Why This World

Why This World

A Biography of Clarice Lispector

Summary

"That rare person who looked like Marlene Dietrich and wrote like Virginia Woolf," Clarice Lispector is one of the most popular but least understood of Latin American writers, and now in Why this World, after years of research on three continents, drawing on previously unknown manuscripts and dozens of interviews, Benjamin Moser demonstrates how Lispector's development as a writer was directly connected to the story of her turbulent life. Born in the nightmarish landscape of post-World War I Ukraine, Clarice became, virtually from adolescence, a person whose beauty, genius, and eccentricity intrigued Brazil. Why This World tells how this precocious girl, through long exile abroad and difficult personal struggles, matured into a great writer, and asserts, for the first time, the deep roots in the Jewish mystical tradition that make her the true heir to Kafka as well as the unlikely author of "perhaps the greatest spiritual autobiography of the twentieth century." From Chechelnik to Recife, from Naples and Bern to Washington and Rio de Janeiro, Why This World strips away the mythology surrounding this extraordinary figure and shows how Clarice Lispector transformed one woman's struggles into a universally resonant art.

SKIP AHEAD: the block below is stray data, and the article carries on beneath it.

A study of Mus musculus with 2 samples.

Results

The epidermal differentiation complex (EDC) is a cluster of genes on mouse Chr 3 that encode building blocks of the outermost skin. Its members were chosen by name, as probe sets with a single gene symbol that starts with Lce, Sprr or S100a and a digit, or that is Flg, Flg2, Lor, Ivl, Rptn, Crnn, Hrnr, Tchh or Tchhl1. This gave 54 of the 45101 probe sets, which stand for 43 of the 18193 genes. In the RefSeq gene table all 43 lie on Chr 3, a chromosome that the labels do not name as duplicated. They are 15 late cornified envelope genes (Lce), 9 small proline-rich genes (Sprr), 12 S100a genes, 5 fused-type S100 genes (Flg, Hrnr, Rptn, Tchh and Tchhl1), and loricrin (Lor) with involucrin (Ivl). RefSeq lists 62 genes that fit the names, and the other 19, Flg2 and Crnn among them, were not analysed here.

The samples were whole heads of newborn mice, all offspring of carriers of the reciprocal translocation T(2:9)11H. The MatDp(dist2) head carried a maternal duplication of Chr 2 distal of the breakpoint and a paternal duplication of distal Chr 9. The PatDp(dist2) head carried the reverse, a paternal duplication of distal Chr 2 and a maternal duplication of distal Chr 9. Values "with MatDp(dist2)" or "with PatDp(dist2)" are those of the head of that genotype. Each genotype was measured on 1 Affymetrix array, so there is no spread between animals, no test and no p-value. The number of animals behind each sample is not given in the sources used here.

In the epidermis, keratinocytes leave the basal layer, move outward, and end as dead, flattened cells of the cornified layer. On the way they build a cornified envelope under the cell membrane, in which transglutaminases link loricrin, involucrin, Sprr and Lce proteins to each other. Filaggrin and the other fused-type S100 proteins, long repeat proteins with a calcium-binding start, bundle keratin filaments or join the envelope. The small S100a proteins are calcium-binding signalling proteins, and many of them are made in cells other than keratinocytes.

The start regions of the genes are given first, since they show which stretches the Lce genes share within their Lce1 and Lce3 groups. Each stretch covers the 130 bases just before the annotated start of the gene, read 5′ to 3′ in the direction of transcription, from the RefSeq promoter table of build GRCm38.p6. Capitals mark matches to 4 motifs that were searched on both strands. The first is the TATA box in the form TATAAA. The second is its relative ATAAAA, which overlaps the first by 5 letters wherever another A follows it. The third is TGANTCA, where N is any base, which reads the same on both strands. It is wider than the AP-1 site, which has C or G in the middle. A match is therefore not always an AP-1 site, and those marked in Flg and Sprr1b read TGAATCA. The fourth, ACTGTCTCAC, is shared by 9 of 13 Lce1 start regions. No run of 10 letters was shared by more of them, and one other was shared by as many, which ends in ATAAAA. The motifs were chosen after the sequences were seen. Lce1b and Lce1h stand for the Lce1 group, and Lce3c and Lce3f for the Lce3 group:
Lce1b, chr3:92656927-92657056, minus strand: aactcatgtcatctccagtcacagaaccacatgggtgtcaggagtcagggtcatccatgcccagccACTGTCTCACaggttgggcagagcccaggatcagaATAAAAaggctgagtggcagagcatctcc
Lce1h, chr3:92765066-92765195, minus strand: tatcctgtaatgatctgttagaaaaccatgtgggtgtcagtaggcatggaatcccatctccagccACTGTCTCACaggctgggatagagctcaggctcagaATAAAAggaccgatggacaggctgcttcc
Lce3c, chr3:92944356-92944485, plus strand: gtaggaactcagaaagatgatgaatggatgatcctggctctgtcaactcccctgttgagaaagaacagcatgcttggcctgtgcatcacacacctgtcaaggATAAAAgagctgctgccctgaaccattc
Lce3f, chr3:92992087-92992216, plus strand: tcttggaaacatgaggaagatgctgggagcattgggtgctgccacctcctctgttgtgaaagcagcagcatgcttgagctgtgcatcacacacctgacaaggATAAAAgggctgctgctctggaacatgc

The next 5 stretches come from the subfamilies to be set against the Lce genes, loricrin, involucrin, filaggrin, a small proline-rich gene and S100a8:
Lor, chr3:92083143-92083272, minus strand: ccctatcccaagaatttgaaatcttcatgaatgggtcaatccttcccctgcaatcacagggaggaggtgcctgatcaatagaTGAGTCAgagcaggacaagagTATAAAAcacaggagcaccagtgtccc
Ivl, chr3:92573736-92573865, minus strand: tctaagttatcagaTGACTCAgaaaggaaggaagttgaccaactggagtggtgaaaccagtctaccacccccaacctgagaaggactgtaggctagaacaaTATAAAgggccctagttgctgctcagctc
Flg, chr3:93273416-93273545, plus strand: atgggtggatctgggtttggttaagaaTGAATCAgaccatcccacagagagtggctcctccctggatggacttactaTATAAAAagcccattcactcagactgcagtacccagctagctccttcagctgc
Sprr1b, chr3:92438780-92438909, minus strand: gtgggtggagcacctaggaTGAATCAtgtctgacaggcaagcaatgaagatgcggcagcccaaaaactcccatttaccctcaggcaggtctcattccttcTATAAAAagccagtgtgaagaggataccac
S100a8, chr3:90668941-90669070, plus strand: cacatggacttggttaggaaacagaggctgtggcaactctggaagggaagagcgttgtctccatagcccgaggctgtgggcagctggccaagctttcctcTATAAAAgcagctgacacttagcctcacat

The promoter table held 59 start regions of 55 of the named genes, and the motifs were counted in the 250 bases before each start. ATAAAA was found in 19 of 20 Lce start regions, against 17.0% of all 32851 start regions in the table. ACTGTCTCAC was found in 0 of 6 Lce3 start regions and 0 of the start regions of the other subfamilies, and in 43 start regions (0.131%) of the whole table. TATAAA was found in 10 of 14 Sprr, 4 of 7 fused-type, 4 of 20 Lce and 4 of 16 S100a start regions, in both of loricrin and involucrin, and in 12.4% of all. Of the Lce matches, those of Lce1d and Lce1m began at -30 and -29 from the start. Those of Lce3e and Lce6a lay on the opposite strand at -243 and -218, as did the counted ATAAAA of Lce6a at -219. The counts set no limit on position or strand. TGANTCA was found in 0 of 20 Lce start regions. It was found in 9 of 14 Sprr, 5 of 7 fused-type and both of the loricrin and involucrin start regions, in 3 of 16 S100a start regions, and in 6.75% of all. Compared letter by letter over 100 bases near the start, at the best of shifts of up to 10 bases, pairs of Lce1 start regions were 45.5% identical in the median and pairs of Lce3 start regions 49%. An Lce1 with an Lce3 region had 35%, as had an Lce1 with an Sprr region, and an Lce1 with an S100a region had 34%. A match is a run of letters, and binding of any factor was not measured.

Benjamin Moser is the New Books columnist of Harper's Magazine. He was born in Houston in 1976 and currently lives in the Netherlands. He is a contributor to the The New York Review of Books, and he has written for Conde Nast Traveler and Newsweek, as well as many other publications.

Reviews

  • Clarice Lispector is one of the hidden geniuses of twentieth-century literature. Utterly original and brilliant, haunting and disturbing ... Benjamin Moser's biography is a great book about a Jewish heroine, filled with sympathy for what must remain hidden and what must be understood
    Colm Tóibín

About the author

Benjamin Moser

Benjamin Moser is the author of Why This World: A Biography of Clarice Lispector, a finalist for the National Book Critics' Circle Award and his work bringing Clarice Lispector to international prominence was recognized with Brazil's State Prize for Cultural Diplomacy. He has published translations from several languages, received a Guggenheim Fellowship, and worked as a books columnist for Harper's magazine and The New York Times Book Review. He lives in the Netherlands and France.